In sports gambling circles parlays are often thought of as sucker bets, where the bettor receives a payout at a much lower rate than the true odds. In football and basketball this is true, as a three-team parlay will pay off at odds of 6-to-1, while the true odds of winning a three-team parlay are 7-to-1, as there are eight different outcomes that can occur. Parlay cards frequently pay worse.

Baseball parlays are calculated differently, however, in that there are no fixed payoff odds.

Instead the payout is calculated by the odds of the teams used in the parlay. If the same fixed odds were used in baseball that are used in football and basketball, bettors would simply parlay all large favorites, which would give them a huge advantage over the sportsbooks, and sportsbooks aren't in the business of giving away money.

### How Baseball Parlays are Calculated

A parlay is simply a bet on multiple teams where the money is taken from a winning selection and then bet on the next team in the parlay. If a bettor wanted to parlay the Mets and the Dodgers both teams would have to win or the wager is a loss.

Let's say the Mets are -200 over the Marlins and the Dodgers are +110 against the Padres. If a bettor makes a $50 parlay on the two teams the payout is figured by taking the $50 and placing it on the Mets. If the Mets win, the $50 becomes $75 and then the $75 is placed on the Dodgers.

If the Dodgers lose, the bet is a loser, while if the Dodgers win, the payout is $157.50.

The order that the parlay is calculated makes no difference in that you could could calculate the payoff by figuring the Dodgers first. In that case, the $50 placed on the Dodgers would become $105, which would then be placed on the Mets -200.

Since $105 X .50 = $157.50, the payout is the same.

The most difficult aspect for many bettors is a matter of figuring out the payoffs, since a bit of math is needed. The easiest way to do this is simply to divide 100 by the odds on a particular team.

Say a bettor likes the Astros -165 and wants to parlay them with the Tigers -135. The first step is to divide the odds by 100, which will give us a decimal figure and then add one. In the case of the Astros, the number is 1.61, which is 165 / 100 and then adding one. For the Tigers, the number will be 1.74, which is 135 / 100 and adding one. (The reason the one is added is because on a winning wager the bettor receives the original wager, plus any winnings back. If you wager $110 on the Vikings at a sportsbook in Las Vegas and the Vikings win, you receive $210 back, not $100.)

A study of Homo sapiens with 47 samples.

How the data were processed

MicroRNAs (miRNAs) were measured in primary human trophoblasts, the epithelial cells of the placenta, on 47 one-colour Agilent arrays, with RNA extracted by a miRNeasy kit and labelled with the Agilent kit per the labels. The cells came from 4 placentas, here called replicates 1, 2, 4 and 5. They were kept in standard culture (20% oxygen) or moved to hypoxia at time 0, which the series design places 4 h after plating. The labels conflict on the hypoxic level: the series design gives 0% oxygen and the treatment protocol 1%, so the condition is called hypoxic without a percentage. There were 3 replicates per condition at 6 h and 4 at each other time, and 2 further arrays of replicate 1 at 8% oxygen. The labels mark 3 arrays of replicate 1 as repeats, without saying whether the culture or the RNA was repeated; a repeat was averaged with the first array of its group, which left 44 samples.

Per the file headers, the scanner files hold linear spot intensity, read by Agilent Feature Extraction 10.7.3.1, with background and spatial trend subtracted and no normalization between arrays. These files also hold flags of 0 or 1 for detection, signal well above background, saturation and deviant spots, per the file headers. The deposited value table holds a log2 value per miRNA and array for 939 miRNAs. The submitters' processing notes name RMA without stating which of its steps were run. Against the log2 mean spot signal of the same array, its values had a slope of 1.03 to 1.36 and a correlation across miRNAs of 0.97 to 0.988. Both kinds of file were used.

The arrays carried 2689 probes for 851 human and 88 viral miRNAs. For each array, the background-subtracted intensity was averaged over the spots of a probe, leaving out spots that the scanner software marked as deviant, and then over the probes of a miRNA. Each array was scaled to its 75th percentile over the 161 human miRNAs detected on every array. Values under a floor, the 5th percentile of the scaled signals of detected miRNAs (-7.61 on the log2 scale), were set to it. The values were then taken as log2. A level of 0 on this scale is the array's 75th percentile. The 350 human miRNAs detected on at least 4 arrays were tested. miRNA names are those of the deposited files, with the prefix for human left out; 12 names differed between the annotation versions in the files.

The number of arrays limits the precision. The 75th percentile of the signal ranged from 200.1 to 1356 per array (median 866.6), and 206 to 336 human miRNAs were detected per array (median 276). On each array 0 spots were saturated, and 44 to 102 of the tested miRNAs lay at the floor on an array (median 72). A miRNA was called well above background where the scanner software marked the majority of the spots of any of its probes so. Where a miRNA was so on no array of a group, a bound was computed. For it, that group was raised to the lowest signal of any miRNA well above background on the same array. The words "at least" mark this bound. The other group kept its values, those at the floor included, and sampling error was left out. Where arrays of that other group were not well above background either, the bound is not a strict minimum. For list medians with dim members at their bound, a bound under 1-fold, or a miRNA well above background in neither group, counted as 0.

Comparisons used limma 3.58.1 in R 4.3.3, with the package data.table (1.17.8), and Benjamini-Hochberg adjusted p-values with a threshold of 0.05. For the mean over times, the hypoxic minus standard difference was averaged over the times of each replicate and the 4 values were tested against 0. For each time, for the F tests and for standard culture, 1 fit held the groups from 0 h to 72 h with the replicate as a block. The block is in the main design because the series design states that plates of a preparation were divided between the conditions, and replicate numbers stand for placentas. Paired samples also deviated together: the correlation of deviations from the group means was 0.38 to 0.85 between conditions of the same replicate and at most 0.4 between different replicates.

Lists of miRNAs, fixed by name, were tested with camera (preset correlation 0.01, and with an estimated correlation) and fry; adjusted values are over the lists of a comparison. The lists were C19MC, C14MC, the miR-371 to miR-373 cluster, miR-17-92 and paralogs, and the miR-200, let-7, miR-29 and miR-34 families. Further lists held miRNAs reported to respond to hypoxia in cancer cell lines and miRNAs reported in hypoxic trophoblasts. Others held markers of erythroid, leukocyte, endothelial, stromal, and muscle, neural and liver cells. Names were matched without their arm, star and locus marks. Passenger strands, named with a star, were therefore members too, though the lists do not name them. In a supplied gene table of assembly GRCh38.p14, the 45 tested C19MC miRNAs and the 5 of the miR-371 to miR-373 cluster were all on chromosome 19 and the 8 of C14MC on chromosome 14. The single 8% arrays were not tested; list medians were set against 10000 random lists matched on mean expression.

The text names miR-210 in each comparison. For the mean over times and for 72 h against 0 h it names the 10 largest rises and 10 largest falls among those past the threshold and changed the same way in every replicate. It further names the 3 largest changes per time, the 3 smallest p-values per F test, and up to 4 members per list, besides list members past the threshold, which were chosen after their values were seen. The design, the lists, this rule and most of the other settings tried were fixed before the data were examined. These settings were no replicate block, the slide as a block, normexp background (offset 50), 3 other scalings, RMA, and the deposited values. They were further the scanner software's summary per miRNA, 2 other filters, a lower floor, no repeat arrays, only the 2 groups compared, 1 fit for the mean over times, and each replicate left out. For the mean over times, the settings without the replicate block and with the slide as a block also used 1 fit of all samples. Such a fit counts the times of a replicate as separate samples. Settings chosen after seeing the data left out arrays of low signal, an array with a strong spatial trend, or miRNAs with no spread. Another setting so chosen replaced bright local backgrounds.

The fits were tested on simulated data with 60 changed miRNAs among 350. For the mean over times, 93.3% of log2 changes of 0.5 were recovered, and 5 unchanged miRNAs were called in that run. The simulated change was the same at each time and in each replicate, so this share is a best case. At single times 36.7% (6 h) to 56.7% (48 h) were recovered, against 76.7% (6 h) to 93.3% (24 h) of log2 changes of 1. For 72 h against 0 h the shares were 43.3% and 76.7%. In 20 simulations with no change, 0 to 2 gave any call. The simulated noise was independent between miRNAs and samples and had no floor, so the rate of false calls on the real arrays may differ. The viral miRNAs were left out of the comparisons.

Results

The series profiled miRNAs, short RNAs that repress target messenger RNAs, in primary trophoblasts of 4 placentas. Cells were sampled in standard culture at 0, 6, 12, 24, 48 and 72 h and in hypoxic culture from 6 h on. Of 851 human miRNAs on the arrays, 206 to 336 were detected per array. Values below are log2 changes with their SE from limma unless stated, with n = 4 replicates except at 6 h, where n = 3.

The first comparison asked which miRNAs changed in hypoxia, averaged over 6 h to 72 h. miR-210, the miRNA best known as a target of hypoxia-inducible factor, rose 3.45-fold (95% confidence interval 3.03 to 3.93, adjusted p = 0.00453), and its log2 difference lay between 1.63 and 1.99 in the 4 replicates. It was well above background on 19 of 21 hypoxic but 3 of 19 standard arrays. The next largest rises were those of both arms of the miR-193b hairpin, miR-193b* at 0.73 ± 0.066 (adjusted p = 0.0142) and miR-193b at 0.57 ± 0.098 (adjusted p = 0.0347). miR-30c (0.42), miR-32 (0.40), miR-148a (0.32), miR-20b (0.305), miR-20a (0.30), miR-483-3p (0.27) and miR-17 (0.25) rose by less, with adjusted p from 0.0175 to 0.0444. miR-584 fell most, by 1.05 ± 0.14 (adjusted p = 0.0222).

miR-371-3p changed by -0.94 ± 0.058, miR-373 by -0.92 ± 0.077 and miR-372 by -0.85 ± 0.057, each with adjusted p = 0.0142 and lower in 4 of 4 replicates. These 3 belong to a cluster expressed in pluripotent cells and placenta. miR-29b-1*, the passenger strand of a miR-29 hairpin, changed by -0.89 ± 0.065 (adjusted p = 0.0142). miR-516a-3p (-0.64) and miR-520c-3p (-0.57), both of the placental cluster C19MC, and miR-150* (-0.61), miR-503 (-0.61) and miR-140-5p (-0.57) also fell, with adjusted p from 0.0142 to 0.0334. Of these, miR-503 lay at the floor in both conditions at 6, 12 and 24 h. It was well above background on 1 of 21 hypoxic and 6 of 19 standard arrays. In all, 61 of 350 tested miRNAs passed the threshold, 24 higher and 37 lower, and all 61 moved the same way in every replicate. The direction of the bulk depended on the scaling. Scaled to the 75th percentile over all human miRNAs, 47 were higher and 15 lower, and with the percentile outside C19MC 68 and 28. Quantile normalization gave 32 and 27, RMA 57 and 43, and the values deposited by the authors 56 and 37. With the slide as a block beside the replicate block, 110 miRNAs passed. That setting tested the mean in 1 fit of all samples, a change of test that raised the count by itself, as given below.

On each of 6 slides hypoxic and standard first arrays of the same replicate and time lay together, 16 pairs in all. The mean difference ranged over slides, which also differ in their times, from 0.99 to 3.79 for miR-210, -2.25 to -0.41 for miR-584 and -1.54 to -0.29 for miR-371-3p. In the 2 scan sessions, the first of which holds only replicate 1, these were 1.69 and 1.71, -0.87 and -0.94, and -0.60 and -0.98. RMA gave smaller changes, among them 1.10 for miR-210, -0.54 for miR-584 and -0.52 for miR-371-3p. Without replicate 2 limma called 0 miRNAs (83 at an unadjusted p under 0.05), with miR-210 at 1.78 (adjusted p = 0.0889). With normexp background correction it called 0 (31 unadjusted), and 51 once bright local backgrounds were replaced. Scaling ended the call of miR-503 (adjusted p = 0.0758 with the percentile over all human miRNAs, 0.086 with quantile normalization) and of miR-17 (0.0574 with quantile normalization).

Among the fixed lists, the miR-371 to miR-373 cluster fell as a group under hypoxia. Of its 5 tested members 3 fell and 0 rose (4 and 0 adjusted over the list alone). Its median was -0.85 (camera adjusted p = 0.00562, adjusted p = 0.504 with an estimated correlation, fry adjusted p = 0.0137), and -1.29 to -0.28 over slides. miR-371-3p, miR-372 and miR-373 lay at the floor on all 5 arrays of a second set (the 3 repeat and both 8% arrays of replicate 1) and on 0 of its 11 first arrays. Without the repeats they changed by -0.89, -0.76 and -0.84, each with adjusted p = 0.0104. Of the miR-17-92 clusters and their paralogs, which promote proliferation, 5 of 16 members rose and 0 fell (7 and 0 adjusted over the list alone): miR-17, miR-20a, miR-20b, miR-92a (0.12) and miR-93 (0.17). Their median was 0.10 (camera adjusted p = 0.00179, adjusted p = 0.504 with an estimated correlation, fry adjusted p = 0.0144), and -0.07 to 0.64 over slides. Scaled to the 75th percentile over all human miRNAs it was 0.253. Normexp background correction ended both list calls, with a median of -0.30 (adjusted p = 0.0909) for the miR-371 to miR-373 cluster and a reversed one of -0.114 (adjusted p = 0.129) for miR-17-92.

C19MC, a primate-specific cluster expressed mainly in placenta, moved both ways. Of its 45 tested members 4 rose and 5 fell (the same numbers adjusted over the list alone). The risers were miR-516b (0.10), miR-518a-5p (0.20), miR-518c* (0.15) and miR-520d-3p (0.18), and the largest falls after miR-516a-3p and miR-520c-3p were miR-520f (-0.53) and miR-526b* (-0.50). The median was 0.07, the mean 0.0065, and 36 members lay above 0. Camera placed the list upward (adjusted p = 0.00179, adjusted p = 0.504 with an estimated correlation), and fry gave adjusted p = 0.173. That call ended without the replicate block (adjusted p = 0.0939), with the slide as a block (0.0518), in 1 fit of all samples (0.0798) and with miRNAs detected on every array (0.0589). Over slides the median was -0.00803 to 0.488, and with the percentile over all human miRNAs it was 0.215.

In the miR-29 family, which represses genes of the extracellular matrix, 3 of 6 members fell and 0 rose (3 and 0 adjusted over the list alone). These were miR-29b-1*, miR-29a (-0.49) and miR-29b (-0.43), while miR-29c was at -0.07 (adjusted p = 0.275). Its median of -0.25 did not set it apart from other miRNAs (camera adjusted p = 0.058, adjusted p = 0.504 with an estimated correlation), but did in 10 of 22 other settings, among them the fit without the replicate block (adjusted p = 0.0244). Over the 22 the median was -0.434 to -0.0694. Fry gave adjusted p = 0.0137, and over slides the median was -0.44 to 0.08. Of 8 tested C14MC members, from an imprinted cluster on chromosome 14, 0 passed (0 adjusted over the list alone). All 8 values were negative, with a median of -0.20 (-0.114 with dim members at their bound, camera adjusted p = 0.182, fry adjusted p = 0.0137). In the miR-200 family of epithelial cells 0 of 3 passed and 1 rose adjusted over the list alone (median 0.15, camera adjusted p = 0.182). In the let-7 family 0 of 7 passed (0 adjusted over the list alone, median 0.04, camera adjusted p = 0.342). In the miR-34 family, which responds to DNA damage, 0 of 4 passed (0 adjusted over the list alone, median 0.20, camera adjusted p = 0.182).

The bettor then will merely need to multiple the size of the parlay wager by the two decimal figures to calculate the payoff. If the parlay size was $30, the baseball gambler simply multiplies 30 X 1.61 to get $48.30, which is the amount of money that will be wagered on the next team in the parlay. The $48.40 is then wagered on the Tigers ($48.40 X 1.74) and if Detroit comes through with the win, the bettor receives $84.04.

Of course, if either team losses the parlay is a loser and the bettor is out $30.

For those bettors who do not like to do the math, there are several parlay calculators online that will calculate the payoffs for you. All you have to do is enter the odds of each team you are going to wager on. One of them can be found here.

### Are Baseball Parlays Good Bets?

There isn't a simple answer to the question if baseball parlays are good wagers or not. The easiest answer is they are good wagers if the baseball gambler is betting into favorable odds and bad wagers if the bettor is betting into bad lines.

If a bettor is parlaying two -150 favorites that should be legitimate -200 favorites, then the parlay is a good bet. If a bettor is parlaying two -150 favorites that are legitimate -120 favorites, the parlay is a bad bet.

From simply a mathematical standpoint, there is no real advantage or disadvantage to playing parlays, since the true payoff odds are used.

Bettors with small bankrolls may find some advantage to playing parlays, in that a player has the potential to win a lot of money for a small wager, although that's generally easier said than done.

Each baseball bettor needs to asses the size of their bankroll and their goals to determine if baseball parlays are for them.